The first step in defining security requirements for an SoC is to understand the usage and threat model applied to the product. This is not an easy task because one SoC design can be used in many products that address different markets and therefore have various usage models. Designers are advised to go through a threat and risk assessment (TRA) for their SoC, device and ecosystem. There are published methodologies for performing this task, as well as specialized companies to walk through the process. Generally there are four main steps:
- Establish the scope of assessment and identify assets
- Determine the threat to the assets and assess the impact and probability of occurrence
- Assess vulnerabilities based on the implemented protection and calculate the risks
- Implement additional protection to reduce the risks to acceptable levels
All assets will be classified to have one or more values related to their confidentiality, availability or integrity. The TRA process is not a means to an end, but is a continual process. Once started, it should be reviewed regularly to ensure that the protection mechanisms currently in place should adequately address the security requirements.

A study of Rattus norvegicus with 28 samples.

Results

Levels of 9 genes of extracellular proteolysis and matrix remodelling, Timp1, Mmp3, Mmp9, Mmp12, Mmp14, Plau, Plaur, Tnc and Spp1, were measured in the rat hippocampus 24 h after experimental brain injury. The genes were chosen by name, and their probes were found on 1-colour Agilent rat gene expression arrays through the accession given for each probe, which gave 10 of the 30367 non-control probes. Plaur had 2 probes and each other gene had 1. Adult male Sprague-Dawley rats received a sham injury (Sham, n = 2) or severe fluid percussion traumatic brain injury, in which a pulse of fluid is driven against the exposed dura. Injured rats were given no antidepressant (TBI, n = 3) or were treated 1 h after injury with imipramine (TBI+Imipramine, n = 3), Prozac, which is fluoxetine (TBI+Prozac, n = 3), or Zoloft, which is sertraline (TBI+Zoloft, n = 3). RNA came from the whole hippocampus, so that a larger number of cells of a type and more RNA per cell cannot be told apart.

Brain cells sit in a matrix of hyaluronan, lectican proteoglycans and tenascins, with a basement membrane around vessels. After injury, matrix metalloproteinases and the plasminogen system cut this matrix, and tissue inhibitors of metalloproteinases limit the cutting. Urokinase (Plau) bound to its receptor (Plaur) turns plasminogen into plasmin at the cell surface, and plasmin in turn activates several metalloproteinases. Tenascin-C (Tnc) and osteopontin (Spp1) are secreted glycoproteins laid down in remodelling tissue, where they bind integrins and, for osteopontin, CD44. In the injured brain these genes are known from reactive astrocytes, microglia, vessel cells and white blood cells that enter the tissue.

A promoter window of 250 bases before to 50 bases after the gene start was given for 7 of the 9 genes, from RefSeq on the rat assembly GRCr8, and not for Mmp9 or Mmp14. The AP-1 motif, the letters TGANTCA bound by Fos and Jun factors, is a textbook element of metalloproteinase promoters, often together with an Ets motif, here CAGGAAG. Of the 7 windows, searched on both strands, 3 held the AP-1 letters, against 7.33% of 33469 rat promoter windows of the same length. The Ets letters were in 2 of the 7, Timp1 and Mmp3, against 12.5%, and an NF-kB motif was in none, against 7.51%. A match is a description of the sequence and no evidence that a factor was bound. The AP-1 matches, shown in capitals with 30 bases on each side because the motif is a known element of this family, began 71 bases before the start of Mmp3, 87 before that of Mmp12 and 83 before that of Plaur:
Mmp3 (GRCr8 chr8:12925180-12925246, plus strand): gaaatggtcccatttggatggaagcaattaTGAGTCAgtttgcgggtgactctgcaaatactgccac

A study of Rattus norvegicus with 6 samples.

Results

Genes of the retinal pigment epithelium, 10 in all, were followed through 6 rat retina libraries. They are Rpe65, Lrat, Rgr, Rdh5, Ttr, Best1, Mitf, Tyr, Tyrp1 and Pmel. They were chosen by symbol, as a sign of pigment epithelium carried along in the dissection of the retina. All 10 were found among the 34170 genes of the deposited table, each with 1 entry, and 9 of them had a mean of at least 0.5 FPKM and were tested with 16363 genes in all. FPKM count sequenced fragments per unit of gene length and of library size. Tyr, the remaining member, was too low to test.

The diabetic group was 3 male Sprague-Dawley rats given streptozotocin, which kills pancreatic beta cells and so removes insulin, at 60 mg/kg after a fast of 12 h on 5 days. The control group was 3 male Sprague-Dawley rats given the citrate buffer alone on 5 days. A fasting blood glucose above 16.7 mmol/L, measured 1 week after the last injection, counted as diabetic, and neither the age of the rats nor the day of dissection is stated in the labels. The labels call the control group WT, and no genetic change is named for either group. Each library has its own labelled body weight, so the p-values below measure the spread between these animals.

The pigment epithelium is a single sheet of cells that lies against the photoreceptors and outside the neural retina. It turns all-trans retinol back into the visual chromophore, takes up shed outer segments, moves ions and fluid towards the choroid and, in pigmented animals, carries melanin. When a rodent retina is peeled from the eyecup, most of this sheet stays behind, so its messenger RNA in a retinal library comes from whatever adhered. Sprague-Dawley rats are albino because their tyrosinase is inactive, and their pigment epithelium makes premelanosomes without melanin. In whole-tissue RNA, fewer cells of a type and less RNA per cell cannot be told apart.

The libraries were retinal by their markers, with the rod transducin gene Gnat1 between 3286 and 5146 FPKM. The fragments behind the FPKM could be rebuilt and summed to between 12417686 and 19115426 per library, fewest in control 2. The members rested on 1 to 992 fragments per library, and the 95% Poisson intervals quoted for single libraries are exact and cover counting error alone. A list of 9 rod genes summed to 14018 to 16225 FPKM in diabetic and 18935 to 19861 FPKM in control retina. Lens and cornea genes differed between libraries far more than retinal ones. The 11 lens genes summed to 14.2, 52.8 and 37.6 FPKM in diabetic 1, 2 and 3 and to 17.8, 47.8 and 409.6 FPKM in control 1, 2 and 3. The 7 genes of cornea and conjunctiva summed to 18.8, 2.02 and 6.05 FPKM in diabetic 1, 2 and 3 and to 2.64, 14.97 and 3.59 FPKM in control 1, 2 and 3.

When evaluating the risk, the designers need to take into account the attacker's motivation to attack, the tools, equipment, skills, time, and money they need to break the system as well as the probability of success. Generally, if the cost to break the system is higher than the benefit, then an attacker will not attempt to break the system.
Sometimes, new attack models or new tools are invented or become general knowledge. In addition, the cost for attacks drops with reduction in the price of equipment and tools. Therefore, the classification of these threats can change over time, resulting in some devices with high tamper protection levels becoming easily compromised one day when a new, low-cost attack is found.
It is extremely difficult to measure or evaluate the damage impact of an attack from a system perspective. The damage can range from device failure, service interruption and monetary loss to brand damage. The designer of the system has to understand these impacts when assessing the potential damage.